Almost two years after it closed at the onset of the COVID-19 crisis, the Massachusetts State House will reopen to the public on Tuesday, Feb. 22, officials announced Monday.
In a statement Monday from Senate president Karen E. Spilka and House Speaker Ronald Mariano, the leaders said that members of the public will be allowed to enter the State House if they wear masks and show proof of COVID-19 vaccination or a negative test taken no more than one day prior to entry.
The plan, announced Monday, did not include details on enforcement and appears to be a compromise between the House and Senate, which by law, have the purview to make decisions about State House operations.
Massachusetts is the last state in the continental United States to keep its capitol closed to the public.
Last week, the Globe reported that there was daylight between Spilka, who wanted to open her chamber to vaccinated and masked members of the public on Feb. 22, and Mariano, who wanted those who are unvaccinated against COVID-19 or unwilling to provide proof of vaccination to have the option of providing a negative test as an alternative.
The decision to allow for the option of a negative test was due, in part, to four members of the House still not having shown proof of vaccination under the chamber’s vaccine mandate, according to Mariano and his office.
But many details of the reopening plan remain in flux. Mariano said legislative leaders are still “negotiating exactly how we will administer the doors” where visitors will be required to show proof of vaccination or a negative COVID test, though he said officials are prepared to deploy court officers who typically handle security in the chambers.
It’s also unclear exactly how a mask mandate will be enforced. “We will remind people to put their masks on,” Spilka said.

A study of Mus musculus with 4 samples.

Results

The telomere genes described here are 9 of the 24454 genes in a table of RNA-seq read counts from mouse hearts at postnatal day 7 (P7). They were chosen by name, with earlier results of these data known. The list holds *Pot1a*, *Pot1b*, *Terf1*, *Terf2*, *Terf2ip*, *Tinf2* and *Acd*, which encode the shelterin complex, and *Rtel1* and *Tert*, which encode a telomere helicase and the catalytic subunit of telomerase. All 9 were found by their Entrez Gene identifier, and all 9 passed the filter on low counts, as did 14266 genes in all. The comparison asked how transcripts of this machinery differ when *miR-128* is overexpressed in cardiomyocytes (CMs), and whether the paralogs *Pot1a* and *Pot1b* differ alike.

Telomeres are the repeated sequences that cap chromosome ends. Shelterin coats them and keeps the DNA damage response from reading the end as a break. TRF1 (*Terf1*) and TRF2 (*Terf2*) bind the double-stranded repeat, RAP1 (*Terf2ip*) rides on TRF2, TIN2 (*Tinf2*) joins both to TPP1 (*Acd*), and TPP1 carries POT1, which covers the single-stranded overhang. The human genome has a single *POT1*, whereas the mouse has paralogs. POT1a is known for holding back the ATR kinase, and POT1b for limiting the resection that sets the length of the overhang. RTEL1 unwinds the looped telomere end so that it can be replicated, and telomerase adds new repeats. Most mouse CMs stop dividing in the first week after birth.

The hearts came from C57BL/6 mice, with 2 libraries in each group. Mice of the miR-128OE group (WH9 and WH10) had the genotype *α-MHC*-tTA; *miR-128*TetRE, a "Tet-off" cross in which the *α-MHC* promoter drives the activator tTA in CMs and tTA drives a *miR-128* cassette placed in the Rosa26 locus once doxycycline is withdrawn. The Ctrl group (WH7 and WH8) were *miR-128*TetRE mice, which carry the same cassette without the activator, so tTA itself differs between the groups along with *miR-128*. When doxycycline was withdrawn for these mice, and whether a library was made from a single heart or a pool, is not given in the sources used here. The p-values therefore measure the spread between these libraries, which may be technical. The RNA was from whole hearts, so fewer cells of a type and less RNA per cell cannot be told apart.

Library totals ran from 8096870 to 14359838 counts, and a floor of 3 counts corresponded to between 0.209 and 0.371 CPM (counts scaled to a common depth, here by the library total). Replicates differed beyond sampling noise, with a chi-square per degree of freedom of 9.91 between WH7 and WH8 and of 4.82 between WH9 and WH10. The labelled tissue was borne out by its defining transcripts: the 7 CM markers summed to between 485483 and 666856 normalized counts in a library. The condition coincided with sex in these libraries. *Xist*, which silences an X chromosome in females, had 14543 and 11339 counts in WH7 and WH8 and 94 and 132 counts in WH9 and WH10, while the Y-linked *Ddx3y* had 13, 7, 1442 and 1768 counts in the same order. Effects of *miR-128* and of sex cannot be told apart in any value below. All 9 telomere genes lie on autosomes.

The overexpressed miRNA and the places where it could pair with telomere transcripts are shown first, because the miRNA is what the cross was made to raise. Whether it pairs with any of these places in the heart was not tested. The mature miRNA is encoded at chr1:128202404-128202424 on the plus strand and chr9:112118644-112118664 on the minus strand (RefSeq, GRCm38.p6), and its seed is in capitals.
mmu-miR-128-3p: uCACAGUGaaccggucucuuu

Two committees that the House and Senate created to examine reopening the building are also still working out many details, Mariano said.
But the work remaining left a lot of questions unanswered.
Will there need to be added security in the building? “We are talking about the operations aspect,” Spilka said.
Will legislative workers be required to staff each office with the building reopened? Spilka said it’s up to each senator; Mariano said the House intends to staff each one.
Will children under 5, who are not able to be vaccinated yet, be allowed in, given that the building also serves as a tourist destination? “Sure,” Mariano responded.
And what metrics are legislative leaders using to reevaluate the rules? Spilka said “transmission rates,” though she did not specify what they would have to be for officials to drop their mandates. Mariano pointed to the “data everyone else is using.”
“We want to provide an opportunity for people to come in, but we do ask that they respect the folks who are going to be in here working and that they follow the rules,” Mariano said.
“I think what took so long [to reopen] is the fact that this is also a public building and a tourist attraction. It’s on the Freedom Trail,” he added. “We wanted to make sure we know who was coming in here and that the folks that were coming in here weren’t a threat to the folks who are working.”
Asked if they had regrets being the last State House in the continental US to reopen to public visitors, both legislative leaders said they had none.
In Massachusetts, most state buildings and legislative district offices have reopened to offer in-person services, according to Baker’s office. But the State House is only open to accredited journalists, lawmakers, state officials, and staff.
Baker, for his part, said Monday that he, too, wants the State House to reopen, but with different rules.
“I don’t think this building needs a vax mandate,” he said.